Zombie Legion

The Zombie Legion is very different from most movie Zombies. It isn't infectious at all, and can only be raised by Necromancy or raised by powerful Intelligent Undead or a Demon - broadly your standard fantasy zombie. Chances are this is a far faster process than what's used to raise a Voodoo Zombie, being able to convert corpses off a battlefield instead. Vast hordes of rotting flesh, bones, and Steel shamble forth, an unholy conscription that results in an instant army.

Unlike most other zombies, this type is likely to retain the use of weapons or tools. While it lacks persona and soul, it doesn't necessarily lack intelligence. Alternately, it may be that a lifetime of Military Drill has ingrained these fiends with an unconscious directive to fight with weapons or even in close formation. It may be that only the corpses of those will military training can become a Zombie Legion. On the other hand, it's also possible that the Big Bad Evil Guy who commands the legion enforces his will upon them and empowers the nightmare to use close-order drill and effective weaponry.

The Zombie Legion might not be made up entirely of Zombies, either. It's not uncommon to see something more accurately described as a Ghoul , Skeleton (undead), or Golem mixed within the ranks. If the big bad is some sort of Evil Priest, there could be a human auxilliary of fanatical warriors as well, who've been promised life after death. The army may have started as 90% human, 10% Undead, and eventually reversed those numbers. Some portion of the Legion might not have the Zombie Gait, but to be an effective force the army will have to move at the speed of the Weakest Link. In general the zombie legion serves as a steamroller - it should be nearly impossible to defeat in the field, but equally should be easy enough to avoid by anyone not ready to meet it.

The naval corps equivalent of the zombie legion is Zombie Pirates. It doesn't matter if they were Pirates in life, just like it doesn't matter if they're Zombies or some other type of undead.

There are three limitations that determine just how big the Zombie Legion can grow:

  1. How frequently the Big Bad can use his reanimating magic.
  2. How hard fresh corpses are to find in the setting.
  3. Whether or not a dismembered Zombie can be re-raised by magic, of if there's just one life after death.

Sources

Bibliography
1. Miniatures Game: Warhammer Fantasy features an undead army that fields Zombies, Skeletons, Vampires, Ghouls, etc.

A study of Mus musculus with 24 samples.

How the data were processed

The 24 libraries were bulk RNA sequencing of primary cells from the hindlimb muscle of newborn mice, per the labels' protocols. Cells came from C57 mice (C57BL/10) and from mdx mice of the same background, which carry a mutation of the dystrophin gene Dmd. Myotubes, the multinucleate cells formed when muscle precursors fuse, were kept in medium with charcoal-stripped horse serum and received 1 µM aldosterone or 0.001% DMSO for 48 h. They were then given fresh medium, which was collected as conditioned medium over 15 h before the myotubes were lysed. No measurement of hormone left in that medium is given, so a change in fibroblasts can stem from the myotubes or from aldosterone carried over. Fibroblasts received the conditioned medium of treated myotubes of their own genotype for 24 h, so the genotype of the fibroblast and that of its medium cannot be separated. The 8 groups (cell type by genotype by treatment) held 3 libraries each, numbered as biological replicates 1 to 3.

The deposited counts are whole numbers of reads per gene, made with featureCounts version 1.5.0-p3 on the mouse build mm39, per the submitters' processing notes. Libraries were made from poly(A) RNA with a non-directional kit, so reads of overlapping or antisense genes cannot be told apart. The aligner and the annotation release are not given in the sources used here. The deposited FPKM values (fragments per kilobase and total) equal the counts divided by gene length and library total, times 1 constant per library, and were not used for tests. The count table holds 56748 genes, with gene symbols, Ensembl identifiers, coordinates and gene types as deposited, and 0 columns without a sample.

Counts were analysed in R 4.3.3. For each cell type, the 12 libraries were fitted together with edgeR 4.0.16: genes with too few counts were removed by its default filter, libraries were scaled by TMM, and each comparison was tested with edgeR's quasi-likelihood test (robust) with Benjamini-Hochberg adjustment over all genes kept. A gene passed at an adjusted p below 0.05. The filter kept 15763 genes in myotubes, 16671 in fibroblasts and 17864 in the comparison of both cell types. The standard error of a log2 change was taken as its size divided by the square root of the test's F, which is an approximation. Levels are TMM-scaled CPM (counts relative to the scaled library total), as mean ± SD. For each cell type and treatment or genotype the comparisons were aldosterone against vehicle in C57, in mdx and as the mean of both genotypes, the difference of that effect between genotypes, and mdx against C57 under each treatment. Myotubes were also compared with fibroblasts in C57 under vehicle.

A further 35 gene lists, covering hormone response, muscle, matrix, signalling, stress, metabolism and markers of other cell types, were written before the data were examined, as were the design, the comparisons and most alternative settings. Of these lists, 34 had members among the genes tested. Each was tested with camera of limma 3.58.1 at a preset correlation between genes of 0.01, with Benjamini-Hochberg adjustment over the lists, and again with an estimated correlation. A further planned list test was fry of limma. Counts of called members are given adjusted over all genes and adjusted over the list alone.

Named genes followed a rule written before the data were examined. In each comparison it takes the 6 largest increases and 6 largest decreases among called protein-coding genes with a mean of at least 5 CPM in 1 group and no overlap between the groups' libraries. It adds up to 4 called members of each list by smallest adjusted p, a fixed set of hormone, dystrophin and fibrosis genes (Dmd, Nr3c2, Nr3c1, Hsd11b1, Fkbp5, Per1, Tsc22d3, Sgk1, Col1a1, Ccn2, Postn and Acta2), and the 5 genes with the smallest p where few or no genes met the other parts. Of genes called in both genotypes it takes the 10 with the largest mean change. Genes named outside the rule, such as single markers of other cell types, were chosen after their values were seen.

2. Movie: Army of Darkness

Game and Story Use

  • Can exist on a tiny scale (say, a few bodyguards for the Necromancer) on up to an epic never-ending tide of bones that threatens to swallow the earth.
    • Becoming a foot-soldier in your enemies army is Fate Worse Than Death. If fighting this sort of foe, never leave a man behind.
  • For significant horror, your PCs could serve in this army - perhaps in some kind of Anabasis type scenario, where their (originally all human) unit is cut off and reanimating its dead just to survive … as the campaign goes on, slowly more and more of their comrades are converted into undead.
  • Horror can also kick in when, once the BBEG is killed, the zombies don't just disappear, but instead just become an uncontrolled roaming mob that still needs to be hunted down. This sort of thing can make useful backstory to the usual fantasy tendency to have uncontrolled undead hanging about in every hole in the ground.
    • Also, mass animation rituals that don't grant control of the resulting undead… great when the PCs interrupt the ritual halfway through.
  • If zombies can be stitched back together, or re-raised as other (weaker?) undead, then this gets pretty fearsome. The longer the war rages, the more pressed for troops the good guys are. However, the villains army just keeps getting better. Eventually there's a tipping point, where hope is lost.
    • Unless there's No Ontological Inertia and the Zombie Legion collapses to dust once the Big Bad is killed.
    • This actually justifies the use of a band of adventurers - engaging the enemy in the field simply turns your troops into theirs, whilst the fantasy equivalent of a special ops team can penetrate and destroy their HQ and either invoke the lack of ontological inertia against them, or at least cut the supply off at source.